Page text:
What is a one page strategic plan?
Running a successful business is a strategic endeavor. Guesswork, no matter how good your instincts, can only take you so far. The “One Page Strategic Plan” is a tool that requires focus to develop and discipline to execute against.
Originally developed by Verne Harnish and explained in his books, Mastering the Rockefeller Habits and Scaling Up, the One Page Strategic Plan is a deceptively simple yet powerful tool that helps you focus your vision and strategy down to a single, action-oriented page. It is the culmination of decisions a growth company must make regarding four critical business factors to successfully scale up–people, strategy, execution and cash.
Verne Harnish believes that if you want to get everyone in your company on the same one page, you need to be able to articulate your strategy in one page. The One Page Strategic Plan forces you to get to the heart of what you want to accomplish.
Here are six keys to creating your One Page Strategic Plan
Verifying your Executive Team is Healthy and Aligned
In the beginning, core values are uncovered, purpose is articulated and both become second nature for all employees. Developing four to five core values is important to company identity and culture. You want your core values pasted on every wall in sight. But you don’t want them to just be wallpaper. Speak to them on a daily basis. Avoid “corporate speak” when you do. Addressing them out loud, verbatim, will tell you whether they pass or fail the reality test. Having a purpose gives your company the critical “why” behind all that it does. Your purpose needs to be more than just making money. It is no less than the reason your company exists.
Using your BHAG to Provide Direction and Focus
Once you’ve discovered your company’s Core Values and Purpose, you can use them to identify your Big Hairy Audacious Goal (BHAG). Every business needs a BHAG. The BHAG is the achievable Everest your organization needs to climb. It is a 10 to 15-year goal that captures where the company sees itself in the long term. It provides motivation for everyone in the organization, and it provides a focus for the strategies and plans that will take you there.
Making Brand Promises only to your Core Customers
The brand promises articulated in your One Page Strategic Plan are guarantees that distinguish you from your competitors and help you connect with your target customers. Under promising is lazy. At the same time, promising too much likely means you’re succumbing to the temptation to invite everyone to the party, which is tempting. The more the merrier, at least at first. But as you scale up, the undesirables will gobble up your time and disrupt your focus. Identifying your core customers saves time and sharpens focus.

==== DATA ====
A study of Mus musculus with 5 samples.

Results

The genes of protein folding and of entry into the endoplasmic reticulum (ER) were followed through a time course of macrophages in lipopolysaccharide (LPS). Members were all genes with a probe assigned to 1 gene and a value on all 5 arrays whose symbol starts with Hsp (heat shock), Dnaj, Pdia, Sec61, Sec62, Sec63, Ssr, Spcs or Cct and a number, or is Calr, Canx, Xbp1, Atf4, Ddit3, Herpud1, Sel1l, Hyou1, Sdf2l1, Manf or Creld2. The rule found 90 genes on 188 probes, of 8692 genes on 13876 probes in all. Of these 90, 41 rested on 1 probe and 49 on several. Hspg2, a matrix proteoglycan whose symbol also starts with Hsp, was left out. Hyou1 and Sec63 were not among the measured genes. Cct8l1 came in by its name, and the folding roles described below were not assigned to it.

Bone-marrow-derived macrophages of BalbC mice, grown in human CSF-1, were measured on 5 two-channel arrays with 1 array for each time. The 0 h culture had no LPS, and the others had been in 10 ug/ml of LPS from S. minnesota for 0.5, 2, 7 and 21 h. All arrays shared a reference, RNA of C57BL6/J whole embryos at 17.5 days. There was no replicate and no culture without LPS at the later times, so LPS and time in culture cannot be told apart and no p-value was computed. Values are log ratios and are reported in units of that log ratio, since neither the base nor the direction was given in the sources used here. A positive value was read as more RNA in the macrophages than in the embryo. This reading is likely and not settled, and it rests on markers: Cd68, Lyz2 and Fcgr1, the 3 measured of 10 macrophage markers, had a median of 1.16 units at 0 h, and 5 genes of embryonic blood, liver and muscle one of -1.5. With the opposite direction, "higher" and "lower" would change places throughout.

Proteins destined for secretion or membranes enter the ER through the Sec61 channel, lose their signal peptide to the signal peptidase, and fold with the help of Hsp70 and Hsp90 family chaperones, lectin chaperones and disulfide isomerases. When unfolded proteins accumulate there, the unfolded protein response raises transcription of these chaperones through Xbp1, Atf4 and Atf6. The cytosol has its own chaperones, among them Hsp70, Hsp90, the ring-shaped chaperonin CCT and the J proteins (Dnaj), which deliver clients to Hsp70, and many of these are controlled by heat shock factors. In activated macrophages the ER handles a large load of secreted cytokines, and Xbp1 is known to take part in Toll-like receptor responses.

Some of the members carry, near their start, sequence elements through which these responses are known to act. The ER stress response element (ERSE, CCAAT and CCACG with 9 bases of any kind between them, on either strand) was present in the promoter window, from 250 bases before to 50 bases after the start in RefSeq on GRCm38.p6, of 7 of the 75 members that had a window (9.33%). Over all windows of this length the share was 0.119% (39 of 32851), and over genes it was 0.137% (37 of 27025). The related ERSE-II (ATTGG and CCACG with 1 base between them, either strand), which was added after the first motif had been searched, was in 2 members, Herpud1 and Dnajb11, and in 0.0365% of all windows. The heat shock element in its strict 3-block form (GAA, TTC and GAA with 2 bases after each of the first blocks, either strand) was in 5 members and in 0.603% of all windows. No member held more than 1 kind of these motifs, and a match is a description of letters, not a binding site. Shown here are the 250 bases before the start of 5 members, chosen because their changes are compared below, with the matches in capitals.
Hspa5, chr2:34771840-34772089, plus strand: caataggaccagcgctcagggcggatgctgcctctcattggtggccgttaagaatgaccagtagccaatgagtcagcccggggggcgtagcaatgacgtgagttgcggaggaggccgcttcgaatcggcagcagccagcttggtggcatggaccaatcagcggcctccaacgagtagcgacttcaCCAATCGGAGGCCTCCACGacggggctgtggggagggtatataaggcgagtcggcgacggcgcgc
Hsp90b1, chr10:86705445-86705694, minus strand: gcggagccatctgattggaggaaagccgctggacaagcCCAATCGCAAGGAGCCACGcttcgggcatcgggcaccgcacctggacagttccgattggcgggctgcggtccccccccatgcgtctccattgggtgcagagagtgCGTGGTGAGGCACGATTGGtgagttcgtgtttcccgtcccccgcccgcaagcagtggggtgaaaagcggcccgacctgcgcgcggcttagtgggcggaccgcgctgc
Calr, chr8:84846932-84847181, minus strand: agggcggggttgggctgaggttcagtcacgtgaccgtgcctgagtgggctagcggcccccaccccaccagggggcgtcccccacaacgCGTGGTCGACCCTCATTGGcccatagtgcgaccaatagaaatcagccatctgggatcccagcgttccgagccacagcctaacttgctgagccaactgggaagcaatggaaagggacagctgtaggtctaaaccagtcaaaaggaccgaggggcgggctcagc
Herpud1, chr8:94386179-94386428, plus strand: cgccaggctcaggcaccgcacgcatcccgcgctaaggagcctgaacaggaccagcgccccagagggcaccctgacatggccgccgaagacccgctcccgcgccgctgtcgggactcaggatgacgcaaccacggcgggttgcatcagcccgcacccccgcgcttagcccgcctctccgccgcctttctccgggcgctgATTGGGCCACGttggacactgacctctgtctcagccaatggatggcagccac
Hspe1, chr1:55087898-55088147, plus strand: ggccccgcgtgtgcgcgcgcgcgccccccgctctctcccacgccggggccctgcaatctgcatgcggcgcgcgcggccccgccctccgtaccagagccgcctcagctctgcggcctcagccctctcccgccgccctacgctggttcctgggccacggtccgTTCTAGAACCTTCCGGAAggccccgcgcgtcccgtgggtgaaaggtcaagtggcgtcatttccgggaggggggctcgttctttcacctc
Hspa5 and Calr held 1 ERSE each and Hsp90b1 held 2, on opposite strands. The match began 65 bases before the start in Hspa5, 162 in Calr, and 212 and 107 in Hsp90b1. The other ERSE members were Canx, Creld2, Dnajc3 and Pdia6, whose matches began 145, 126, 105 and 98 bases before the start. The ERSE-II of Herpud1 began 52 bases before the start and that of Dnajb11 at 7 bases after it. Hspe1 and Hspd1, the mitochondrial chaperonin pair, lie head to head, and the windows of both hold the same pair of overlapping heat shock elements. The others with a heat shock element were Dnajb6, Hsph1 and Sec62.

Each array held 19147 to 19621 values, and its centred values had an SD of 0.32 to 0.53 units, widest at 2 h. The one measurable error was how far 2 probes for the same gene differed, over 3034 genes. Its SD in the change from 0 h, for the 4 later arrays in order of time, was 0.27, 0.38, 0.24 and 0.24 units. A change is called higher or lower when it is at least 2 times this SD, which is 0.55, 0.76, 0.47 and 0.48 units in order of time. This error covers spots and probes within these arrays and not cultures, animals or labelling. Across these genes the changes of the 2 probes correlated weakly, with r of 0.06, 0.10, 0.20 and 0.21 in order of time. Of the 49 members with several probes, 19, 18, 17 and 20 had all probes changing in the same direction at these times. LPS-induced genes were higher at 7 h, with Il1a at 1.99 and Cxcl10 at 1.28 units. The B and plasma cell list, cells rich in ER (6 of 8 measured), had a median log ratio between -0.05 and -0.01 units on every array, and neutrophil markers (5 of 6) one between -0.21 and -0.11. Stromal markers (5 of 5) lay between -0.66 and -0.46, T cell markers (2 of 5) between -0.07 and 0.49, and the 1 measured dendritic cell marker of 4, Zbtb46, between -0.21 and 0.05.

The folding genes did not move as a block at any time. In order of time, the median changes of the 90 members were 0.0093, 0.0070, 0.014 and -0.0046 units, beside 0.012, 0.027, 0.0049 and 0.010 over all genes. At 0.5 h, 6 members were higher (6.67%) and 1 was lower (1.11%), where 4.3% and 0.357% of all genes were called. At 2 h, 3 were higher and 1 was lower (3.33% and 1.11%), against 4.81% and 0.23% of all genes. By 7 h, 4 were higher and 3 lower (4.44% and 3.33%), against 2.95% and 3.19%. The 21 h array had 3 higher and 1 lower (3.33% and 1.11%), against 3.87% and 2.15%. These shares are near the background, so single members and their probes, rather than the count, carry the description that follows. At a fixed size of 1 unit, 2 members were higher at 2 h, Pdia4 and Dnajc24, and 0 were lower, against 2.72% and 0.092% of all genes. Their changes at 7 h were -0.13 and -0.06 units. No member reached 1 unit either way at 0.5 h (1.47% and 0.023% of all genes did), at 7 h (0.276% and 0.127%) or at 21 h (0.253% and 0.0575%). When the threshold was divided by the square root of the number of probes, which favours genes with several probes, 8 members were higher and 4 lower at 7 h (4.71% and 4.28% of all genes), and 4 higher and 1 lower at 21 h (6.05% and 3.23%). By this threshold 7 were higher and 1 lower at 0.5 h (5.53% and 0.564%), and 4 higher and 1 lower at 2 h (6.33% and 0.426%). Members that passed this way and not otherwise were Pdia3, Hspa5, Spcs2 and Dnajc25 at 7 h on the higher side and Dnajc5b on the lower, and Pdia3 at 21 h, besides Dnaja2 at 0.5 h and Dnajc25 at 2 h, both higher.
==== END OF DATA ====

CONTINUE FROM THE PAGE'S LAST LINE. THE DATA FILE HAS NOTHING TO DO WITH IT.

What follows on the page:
Winning Moves to Accelerate your Company’s Revenue Growth
Objectives like developing your leadership team, improving your infrastructure and streamlining internal communications can help you compete, but they don’t address what you need to do to win. “Winning moves” grow revenue. It’s important to aggressively seek-out moves that help you win the individual battles necessary for growth. Develop action items, assign them to specific people and set crystal clear metrics for success.
Leading Indicators Help You Measure Results
Leading indicators can be quantitative, but the economists of the world are on top of that. Leading indicators in your company are assumptions about what the future holds. It’s important to identify one or two leading indicators (no more) that you will use to help measure your organization’s progress in meeting its goals. As with all assumptions, they need to be verified frequently.
Tuning Rhythm through Critical Adjustments
Having rhythm means being on key and repeating the same sequence of chords and notes over and over again until they become wrote. Setting and getting into routines are what give your processes a smooth flow. It’s critically important to make the right adjustments to your One Page Strategic Plan when you notice your leading indicators are off key. Establishing a regular (ideally weekly) rhythm of reviewing priorities and key performance indicators (KPIs) will allow you to nip potential problems in the bud.